The recent seizure of 66 ill and neglected dogs and puppies from a Langley dog breeder is shining a spotlight on a cruel, large and hidden problem: Puppy mills and unscrupulous breeders.
The BC SPCA says the operation was raising highly sought after “designer” or purebred breeds in horrible conditions, and selling them for thousands of dollars to unsuspecting adopters on buy and sell sites like Kijiji.
The dogs were crammed into crates in a dark and unheated building, according to investigators, and many suffered from serious health and psychological issues.
Sadly, this case isn’t isolated. The Humane Society estimates there are more than 10,000 puppy mills in the U.S. alone, with animals destined to be sold online or through pet stores. It’s not just puppies: there are also sub-standard operations churning out kittens, birds, reptiles, and small animals or “pocket pets.”
Animals that come from for-profit mills are frequently inbred and are prone to problems like hip dysplasia, bladder and bowel disorders, deformed limbs, blindness, bad teeth, viral infections and neurological problems. It can be a heartbreaking situation for new pet owners, who find themselves with an ill animal after purchasing from one of these operations.
So how do you know if you are buying from a good breeder or a bad one? Unfortunately the signs aren’t always obviously clear, but there are major red flags to watch out for, according to Kathy Powelson, Founder and Executive Director of Paws for Hope Animal Foundation, a group committed to creating sustainable animal welfare in British Columbia.
The strongest message you can send to mills and backyard breeders is not doing business with them. If you don’t buy from a shady operation, there will be no demand for them to continue breeding and, with any luck, they will close down.
These are the top 5 puppy mill and backyard breeder red flags, courtesy of Paws for Hope:
1. You can’t see where the animals live
Backyard breeders and mills often crank out litters of animals as quickly as possible in cramped, confined and filthy spaces, so walk away if a breeder won’t show you where the animals were raised, or can’t show you the parents. The same goes if the seller will not let you pick up the animal at their home or kennel, and instead tries to arrange an off-site meeting area, like a parking lot or shopping centre. Be wary of terms like “farm raised” and “family raised”: They mean nothing. A good breeder will encourage you to visit and bring your family.
2. Sells animals online and to pet stores
No reputable breeder would sell their animals to a pet store or through a buy and sell online marketplace, says Powelson. In fact, the Canadian Kennel Club Code of Conduct for breeders explicitly prohibits its members from selling their dogs at pet stores. Paws for Hope says it’s common for dogs that are sold online to be sick and have behaviour issues because of the lack of socialization, or being removed from their mothers too early. Reputable breeders legitimately care for the animals they breed, and want to meet pet parents to personally ensure their animal is going to a great home.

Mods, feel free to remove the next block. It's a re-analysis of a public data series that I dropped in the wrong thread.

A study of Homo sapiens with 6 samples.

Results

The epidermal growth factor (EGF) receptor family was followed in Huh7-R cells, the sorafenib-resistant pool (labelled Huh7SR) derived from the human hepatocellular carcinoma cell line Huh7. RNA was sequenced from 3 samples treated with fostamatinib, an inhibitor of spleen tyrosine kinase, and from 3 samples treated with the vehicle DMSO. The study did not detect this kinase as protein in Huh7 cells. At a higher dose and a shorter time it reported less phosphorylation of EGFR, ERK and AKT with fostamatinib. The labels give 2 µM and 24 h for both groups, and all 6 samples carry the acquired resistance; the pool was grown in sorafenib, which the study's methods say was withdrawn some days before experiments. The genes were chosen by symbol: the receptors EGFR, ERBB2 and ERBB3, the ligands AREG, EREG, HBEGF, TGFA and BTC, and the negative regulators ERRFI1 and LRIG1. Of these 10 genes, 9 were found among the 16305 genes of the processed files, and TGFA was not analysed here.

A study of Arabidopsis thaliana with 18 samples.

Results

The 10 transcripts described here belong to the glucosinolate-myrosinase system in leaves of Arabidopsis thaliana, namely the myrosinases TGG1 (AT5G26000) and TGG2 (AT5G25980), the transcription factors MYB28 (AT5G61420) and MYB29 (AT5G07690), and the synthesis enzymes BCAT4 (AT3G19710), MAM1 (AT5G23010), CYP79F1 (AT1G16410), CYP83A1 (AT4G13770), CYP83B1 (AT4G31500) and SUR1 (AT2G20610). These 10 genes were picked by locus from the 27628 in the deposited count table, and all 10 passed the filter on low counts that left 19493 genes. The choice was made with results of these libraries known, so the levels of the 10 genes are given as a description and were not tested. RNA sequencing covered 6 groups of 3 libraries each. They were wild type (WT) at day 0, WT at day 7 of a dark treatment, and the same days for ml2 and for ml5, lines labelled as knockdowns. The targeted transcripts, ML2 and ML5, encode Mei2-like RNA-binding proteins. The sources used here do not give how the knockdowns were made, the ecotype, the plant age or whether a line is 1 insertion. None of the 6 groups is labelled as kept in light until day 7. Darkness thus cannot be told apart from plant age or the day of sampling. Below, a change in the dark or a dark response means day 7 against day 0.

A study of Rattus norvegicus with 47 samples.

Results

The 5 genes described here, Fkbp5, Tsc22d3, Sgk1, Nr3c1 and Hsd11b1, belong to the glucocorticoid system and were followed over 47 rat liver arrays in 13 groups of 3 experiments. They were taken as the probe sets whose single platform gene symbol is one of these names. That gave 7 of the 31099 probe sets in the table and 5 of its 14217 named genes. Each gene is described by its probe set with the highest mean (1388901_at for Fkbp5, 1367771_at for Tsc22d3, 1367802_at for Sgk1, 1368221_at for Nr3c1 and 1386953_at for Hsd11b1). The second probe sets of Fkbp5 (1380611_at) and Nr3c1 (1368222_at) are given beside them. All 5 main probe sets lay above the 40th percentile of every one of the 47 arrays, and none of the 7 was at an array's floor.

3. Sells multiple types of breeds and mixed “designer” breeds
The breeder should be an expert on that breed, and it’s unlikely they will be if they are breeding many types of different animals. Another tell is if the breeder can’t answer questions about that animal’s temperament, history and potential health issues. A reputable breeder cares about furthering and improving the breed. If an animal in its care has a genetic or health defect, it will be removed from the breeding stock so it won’t harm the future offspring.
4. Has multiple litters available
A legitimate breeder with high standards may have a waiting list for its animals because they only breed one or two litters a year. They may even wait to breed until there are enough interested, quality pet parents to adopt. In comparison, backyard breeders and mills are producing for the sole goal of profit, and are pumping out litters as fast as possible, without much care given to standards and animal welfare.
5. Does not provide a contract
A good breeder will outline their responsibilities and also their expectations of you as an owner. That could include proof from your landlord or Strata that you are allowed to have the animal. The contract may include a health guarantee. They will often require a no-breeding clause, and will take the animal back at any time in its life if their new owner is not able to care for them, or it falls ill. The last thing a reputable breeder wants is for one of its animals to end up in shelter. A responsible breeder will be able to provide vet and vaccination records.
If you are using a breeder, do your research and ask for references from trusted sources, like a vet, friend or fellow owner. If you’re not satisfied, walk away. The Humane Society has a great checklist on how to find a responsible breeder.
If you are determined to get a designer or purebred animal, start by searching through the SPCA’s website and Petfinder. Many great pets end up in shelters or rescues by no fault of their own. There are also breed-specific rescues across Canada that specialize in re-homing specific breeds of animals.
And consider adopting from a local shelter or rescue. There are so many amazing homeless animals waiting for a loving, forever home.